Continuing devastation in Venezuela – #29
The political and economic conditions in Venezuela continue to deteriorate.
7/3/17 – Bloomberg – Venezuela’s Poor Rebel, Roiling Maduro’s Socialist Strongholds – The power base for the leaders of the socialist country is poor people.
From previous reading I’ve done, massive subsidies to the poor successfully bought their allegiance. The collapse of services including water outages, random outages of electricity, and empty store shelves are rapidly undermining support from the poor. Protests has spread to many of the poor communities in Caracas. There have been nightly protests in a number of communities for several weeks.
7/5/17 – Wall Street Journal – Maduro Supporters Storm Venezuela’s Congress – Government thugs stormed the national congress and beat a number of opposition representatives with sticks and pipes. Several members were bloodied and one unconscious congressman was taken away in an ambulance.
7/15/17 – Wall Street Journal – In Venezuela, a Latin American Throwback: Political Prisoners – Before democracy spread across much of Latin America in the early 1980s, it was routine for a lot of the political opposition in a country to be thrown in jail. That repression tactic has faded as democracy spread.
Venezuela is back to the dark days, per the article. There were 117 known political prisoners before the protests stepped up in early April. Today, there are 440 known prisoners held for their political activity. There have been around 3,500 detained, the vast majority of whom have been released.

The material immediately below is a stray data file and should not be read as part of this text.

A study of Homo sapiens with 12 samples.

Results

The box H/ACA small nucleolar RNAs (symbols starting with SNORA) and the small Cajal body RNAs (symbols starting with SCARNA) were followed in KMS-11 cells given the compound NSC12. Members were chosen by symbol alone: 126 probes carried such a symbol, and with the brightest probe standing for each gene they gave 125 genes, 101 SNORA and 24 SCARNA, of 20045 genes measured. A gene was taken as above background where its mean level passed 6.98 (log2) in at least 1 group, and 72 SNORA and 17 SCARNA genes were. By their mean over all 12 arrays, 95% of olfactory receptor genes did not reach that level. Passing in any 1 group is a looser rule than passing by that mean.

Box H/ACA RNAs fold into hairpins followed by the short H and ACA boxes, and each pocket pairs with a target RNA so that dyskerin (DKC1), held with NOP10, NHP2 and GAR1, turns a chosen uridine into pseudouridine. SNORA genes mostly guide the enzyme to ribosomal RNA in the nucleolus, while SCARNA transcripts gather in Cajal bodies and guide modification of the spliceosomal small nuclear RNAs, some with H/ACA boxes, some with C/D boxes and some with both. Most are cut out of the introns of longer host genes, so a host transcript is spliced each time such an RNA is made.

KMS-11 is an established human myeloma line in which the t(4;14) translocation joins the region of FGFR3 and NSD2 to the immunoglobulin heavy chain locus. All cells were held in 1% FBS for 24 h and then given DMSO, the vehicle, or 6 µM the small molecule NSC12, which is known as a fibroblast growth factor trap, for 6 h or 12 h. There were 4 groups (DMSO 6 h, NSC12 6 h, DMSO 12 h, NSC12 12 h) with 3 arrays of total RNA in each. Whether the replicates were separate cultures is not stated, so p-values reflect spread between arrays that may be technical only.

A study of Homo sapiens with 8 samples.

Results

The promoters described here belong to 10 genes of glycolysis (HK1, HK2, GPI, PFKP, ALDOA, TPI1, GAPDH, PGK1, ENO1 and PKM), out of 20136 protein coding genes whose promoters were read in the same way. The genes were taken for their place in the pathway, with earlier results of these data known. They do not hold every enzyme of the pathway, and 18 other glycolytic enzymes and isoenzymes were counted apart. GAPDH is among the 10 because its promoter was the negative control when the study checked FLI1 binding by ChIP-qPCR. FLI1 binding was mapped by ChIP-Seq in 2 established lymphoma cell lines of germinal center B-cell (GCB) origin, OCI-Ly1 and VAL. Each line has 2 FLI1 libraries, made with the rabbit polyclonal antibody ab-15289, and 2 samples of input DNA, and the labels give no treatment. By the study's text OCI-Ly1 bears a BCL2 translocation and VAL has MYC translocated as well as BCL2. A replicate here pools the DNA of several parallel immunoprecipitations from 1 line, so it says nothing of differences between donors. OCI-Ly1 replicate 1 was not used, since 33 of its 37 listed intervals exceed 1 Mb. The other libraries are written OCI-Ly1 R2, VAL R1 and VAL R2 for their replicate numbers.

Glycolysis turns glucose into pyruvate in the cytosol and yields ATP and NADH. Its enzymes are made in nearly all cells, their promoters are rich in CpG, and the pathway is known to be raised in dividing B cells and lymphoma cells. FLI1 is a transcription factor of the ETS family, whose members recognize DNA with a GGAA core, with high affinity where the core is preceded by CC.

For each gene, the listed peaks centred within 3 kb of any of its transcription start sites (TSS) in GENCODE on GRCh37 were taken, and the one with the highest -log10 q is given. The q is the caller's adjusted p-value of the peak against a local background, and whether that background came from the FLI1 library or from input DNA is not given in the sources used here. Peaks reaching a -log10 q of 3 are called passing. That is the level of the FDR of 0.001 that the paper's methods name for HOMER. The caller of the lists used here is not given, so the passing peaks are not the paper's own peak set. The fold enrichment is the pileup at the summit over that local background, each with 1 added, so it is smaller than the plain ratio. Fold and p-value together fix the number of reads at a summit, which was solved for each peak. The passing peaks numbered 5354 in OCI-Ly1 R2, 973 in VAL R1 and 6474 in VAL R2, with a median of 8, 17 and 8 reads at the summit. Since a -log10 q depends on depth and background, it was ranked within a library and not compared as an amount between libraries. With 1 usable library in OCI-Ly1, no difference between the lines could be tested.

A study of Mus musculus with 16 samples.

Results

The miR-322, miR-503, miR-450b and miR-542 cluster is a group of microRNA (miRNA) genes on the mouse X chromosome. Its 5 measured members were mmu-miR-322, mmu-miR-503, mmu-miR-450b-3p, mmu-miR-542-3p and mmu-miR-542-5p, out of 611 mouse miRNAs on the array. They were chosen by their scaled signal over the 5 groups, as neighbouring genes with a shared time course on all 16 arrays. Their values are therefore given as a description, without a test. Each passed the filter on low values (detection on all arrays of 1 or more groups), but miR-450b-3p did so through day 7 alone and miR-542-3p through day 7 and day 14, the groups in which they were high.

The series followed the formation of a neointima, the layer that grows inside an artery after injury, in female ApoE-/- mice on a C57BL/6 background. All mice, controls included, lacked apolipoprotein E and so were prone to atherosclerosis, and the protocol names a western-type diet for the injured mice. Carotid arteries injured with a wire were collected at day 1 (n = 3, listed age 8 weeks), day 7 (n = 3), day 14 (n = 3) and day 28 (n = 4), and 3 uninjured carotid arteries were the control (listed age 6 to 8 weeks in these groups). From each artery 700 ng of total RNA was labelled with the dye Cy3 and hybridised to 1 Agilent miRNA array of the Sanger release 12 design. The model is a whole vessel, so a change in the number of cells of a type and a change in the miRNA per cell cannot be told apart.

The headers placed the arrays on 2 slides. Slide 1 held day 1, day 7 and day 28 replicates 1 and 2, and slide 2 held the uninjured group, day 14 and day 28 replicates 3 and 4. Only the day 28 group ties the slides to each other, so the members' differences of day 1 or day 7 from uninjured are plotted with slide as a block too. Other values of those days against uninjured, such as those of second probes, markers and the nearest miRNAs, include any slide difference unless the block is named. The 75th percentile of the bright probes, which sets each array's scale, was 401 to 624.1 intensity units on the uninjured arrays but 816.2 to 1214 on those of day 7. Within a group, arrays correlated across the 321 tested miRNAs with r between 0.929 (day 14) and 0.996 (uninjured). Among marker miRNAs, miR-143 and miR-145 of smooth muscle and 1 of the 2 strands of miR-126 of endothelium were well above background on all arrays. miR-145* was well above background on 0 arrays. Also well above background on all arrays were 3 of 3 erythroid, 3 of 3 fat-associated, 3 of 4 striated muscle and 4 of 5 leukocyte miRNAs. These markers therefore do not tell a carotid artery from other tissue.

To increase the repression, military tribunals are now trying many of the opposition, with the accused (or framed, if you wish) allowed minimal access to their attorney, who in turn may not find out about a hearing until the last minute, and even then only be allowed a few minutes with the client before the hearing/trial/kangaroo court.
7/27/17 -Rueters – U.S. orders family members of Caracas embassy staff to leave Venezuela – Spouses and children of embassy staff were ordered to evacuate Venezuela.
Staff are allowed to leave if they wish. That’s called a voluntary evacuation.
Conditions continue to fall apart.
Oh, by the way, what economic system produced this mess?
7/29/17 – Wall Street Journal – The Agony of Venezuela / Nicolás Maduro’s bid for an electoral coup is leading to civil war. – Editorial says what had been obvious for a while, specifically that the constitutional referendum is an attempt by the current president to neutralize the remaining competition and take complete control of the country.
Last week the US finally took some actions showing opposition to the coup-in-progress.
Thirteen senior officials had their visas to visit the US revoked and saw their parked assets in the US frozen. (I think that tells us that even senior officials in Venezuela want to have a pile of some just-in-case money stashed away.)
Hints from the US suggest more officials will be sanctioned if the constitution shredding vote moved forward.
7/31/17 – Wall Street Journal – U.S. Freezes Assets of Venezuela’s President – The US Treasury department placed sanctions on the president of Venezuela, freezing any assets he may have stored in the US.
The US continues to drop hints of possible sanctions on Venezuelan oil exports of the government goes through with plans to shred, I mean, rewrite their constitution.
8/2/17 – Wall Street Journal – Venezuelan Default Fears Rise With Billions in Debt Coming Due Soon – Venezuela has $5B of principal and interest payments due by 12/31/17 with only $3B in foreign reserves at the moment. That raises concerns whether they will be able to export enough oil to meet their scheduled payments.
If the US were to impose sanctions on either their exports to the U.S. (which makes up 49% of their exports) or imports of light oil from the U.S. (which are used to get the oil out of the ground and ready for export), it is quite unlikely they will make their payments.